Japan Can Show A Way Out At Geneva

With the Rajapaksa government’s political and economic fortunes very much tied up with China’s munificence, it would be in the order of things to heed the advice of the legendary Sun Tzu, the Chinese military strategist of 25 centuries ago, who wrote the military strategy, The Art of War.

The theme running through the Chinese military strategist’s text is that the finest of victories in war are those that are won without a conflict.

A skillful leader, he says, subdues the enemy’s troops

without any fighting; he captures their cities without laying any siege to them and without losing a man his triumph is complete.

The war—the military conflict—ended in this paradisiacal island almost three years ago. But a Cold War is being waged against this little country by some of the world’s most powerful nations. The threat now is that allegations against some of our so-called war heroes may be turned into charges of alleged war crimes that if proceeded with could have incalculable consequences.

The Rajapaksa government it appears is determined to meet this threat head on and take on the world’s most militarily powerful, wealthy and influential nations. In Sri Lanka it is being interpreted by government supporters as a David vs. Goliath confrontation. Even though little David has been seen by the world at large in the past as the heroic victor in the first encounter, Goliath has been the consistent victor after that, with the gods favouring those with bigger battalions

Sri Lanka, as a sovereign independent nation is resisting the Resolution brought forward to make it or an international body investigate the alleged war crimes. Nations big or small will resist such interference in issues which they consider are their internal issues. But the concept of national sovereignty of small and weak nations is being eroded by mighty nations, even though they will not brook any international interference in their internal affairs and who are also guilty of gross violations of human rights such as those Sri Lanka is being accused of. The Sri Lankan state media, government politicians, genuine patriots as well as patriotic supporters of the government have been crying themselves hoarse about double standards of these mighty nations, but to no avail.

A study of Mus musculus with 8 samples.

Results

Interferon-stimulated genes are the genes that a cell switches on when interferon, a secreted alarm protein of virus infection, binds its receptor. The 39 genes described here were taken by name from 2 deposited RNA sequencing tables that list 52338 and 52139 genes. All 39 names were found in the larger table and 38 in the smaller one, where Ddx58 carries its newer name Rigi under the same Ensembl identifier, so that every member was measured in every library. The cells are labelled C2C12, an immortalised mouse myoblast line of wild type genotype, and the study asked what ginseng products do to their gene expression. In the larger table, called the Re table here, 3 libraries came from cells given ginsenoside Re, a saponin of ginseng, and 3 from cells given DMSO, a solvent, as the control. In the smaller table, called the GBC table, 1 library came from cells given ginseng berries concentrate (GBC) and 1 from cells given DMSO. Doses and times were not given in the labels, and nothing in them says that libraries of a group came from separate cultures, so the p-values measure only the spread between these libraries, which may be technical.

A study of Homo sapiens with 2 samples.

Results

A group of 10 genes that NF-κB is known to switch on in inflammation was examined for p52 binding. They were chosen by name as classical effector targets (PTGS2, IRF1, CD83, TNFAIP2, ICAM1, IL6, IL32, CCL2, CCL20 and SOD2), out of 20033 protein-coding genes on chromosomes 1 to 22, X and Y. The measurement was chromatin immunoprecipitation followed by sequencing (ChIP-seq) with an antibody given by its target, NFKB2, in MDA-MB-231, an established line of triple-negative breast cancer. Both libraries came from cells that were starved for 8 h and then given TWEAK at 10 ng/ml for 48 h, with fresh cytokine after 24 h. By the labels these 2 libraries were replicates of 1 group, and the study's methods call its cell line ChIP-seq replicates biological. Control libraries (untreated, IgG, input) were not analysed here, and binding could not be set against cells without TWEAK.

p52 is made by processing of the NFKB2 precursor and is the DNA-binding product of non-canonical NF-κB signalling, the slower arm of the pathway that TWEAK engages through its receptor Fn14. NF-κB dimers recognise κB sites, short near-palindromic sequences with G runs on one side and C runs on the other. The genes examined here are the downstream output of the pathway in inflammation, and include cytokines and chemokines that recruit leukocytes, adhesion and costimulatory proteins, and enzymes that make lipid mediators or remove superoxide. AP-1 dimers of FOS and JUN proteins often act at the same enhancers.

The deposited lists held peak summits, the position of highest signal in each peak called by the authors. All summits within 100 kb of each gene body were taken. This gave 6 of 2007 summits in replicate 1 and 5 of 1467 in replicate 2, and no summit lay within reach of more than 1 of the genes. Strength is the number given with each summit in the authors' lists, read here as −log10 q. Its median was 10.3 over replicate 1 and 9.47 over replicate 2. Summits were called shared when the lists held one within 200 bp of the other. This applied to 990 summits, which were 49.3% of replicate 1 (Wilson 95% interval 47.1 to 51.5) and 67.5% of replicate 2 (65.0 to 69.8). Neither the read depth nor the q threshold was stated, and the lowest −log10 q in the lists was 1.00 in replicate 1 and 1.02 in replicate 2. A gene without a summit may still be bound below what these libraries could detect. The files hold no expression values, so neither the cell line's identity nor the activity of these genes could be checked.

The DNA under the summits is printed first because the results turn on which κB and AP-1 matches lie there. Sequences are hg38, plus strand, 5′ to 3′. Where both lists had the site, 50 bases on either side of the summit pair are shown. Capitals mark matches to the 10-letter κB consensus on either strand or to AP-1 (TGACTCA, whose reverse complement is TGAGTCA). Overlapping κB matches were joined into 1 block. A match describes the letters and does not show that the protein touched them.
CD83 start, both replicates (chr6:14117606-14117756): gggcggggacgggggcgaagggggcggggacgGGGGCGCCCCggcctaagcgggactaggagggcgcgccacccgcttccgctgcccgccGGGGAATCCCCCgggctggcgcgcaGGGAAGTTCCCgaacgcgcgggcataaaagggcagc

Leaders and officials such as those in weak nations such as Serbia in the Balkans and African nations have been brought before the International Criminal Court in the Hague even though some of these nations do not recognise the jurisdiction of this Court and strangely even by some of the chief inquisitors like America.

However, if so-called war crimes have been committed there is no moral justification to plead for exculpation on the basis that mighty nations too have been guilty of such crimes. Allegations are that crimes have been committed by those in authority against their own helpless citizens.

The US sponsored Resolution has been moved in the UNHRC in Geneva and the pot is boiling for Sri Lanka. So far Sri Lanka’s stand has been that of moral indignation but in this 45 nation assembly, morality alone will not carry the day. Even though the Sri Lankan government and most Sri Lankans see themselves as victims of a plot by Western nations, do others see us in the same light? Whether Sri Lankans likes it or not the impression created beyond our shores is that there were gross violations of human rights committed against Tamil civiliansparticularly during the last stages of the war.

Rightly or wrongly, the international media as well world opinion in a civil conflict usually goes in favour of the minority community as against the majority. Thus Sri Lanka, in cricketing terms has to play on the back foot with some of the world’s most powerful nations arraigned against it. The Rajapaksa government is determined to take the challenge head on like it did two years ago at the UNHRC when it  defeated a similar motion. If it can do it once again well and good but is it possible? What if the motion goes through?

Politics is the art of the possible and diplomacy doubly so. Despite Sri Lankan diplomats being taken by the plane load to Geneva we do not see any compromise solution being worked out. This may be due to the Rajapaksa ‘kathata- polla’ (confrontationist) policy.  We hear more of the barracks room language than diplomatic arguments emanating from Geneva.

What has not been said is about the stand Sri Lanka will take if the American backed Resolution is adopted. Is Sri Lanka to succumb to directions of the UNHRC on how the investigations are to be conducted and accept the directions of this body whose officials have been remarkably hostile to this country?

The Rajapaksa government leaders have developed gigantic egos since their so called ‘historic victory’ over the LTTE on the battle field. They appear to consider themselves world beaters and take on the powerful and influential Western nations, even in the diplomatic arena. It could well be that we have grown too big for our shoes. The strategy right along should have been to seek a diplomatic way out rather than locking horns with big nations, however morally right we may consider ourselves to be.

The Rajapaksa strategy seems to be to keep postponing the issue but experience has shown that problems for this country keep mounting with a belligerent and active LTTE lobby at work in the West.

Sri Lanka should actively consider going along on the lines suggested by Japan, which has consistently supported and aided this country in fair weather and foul. Japan while stressing the need for the Sri Lanka government to implement ‘many good recommendations’ of the Lessons Learnt and Reconciliation Commission (LLRC) had also stressed that the international community should engage with Sri Lanka on a constructive basis without exerting pressure. Sri Lanka, Japan hadsaid, should continue to have an open dialogue with the international community on the issues concerned.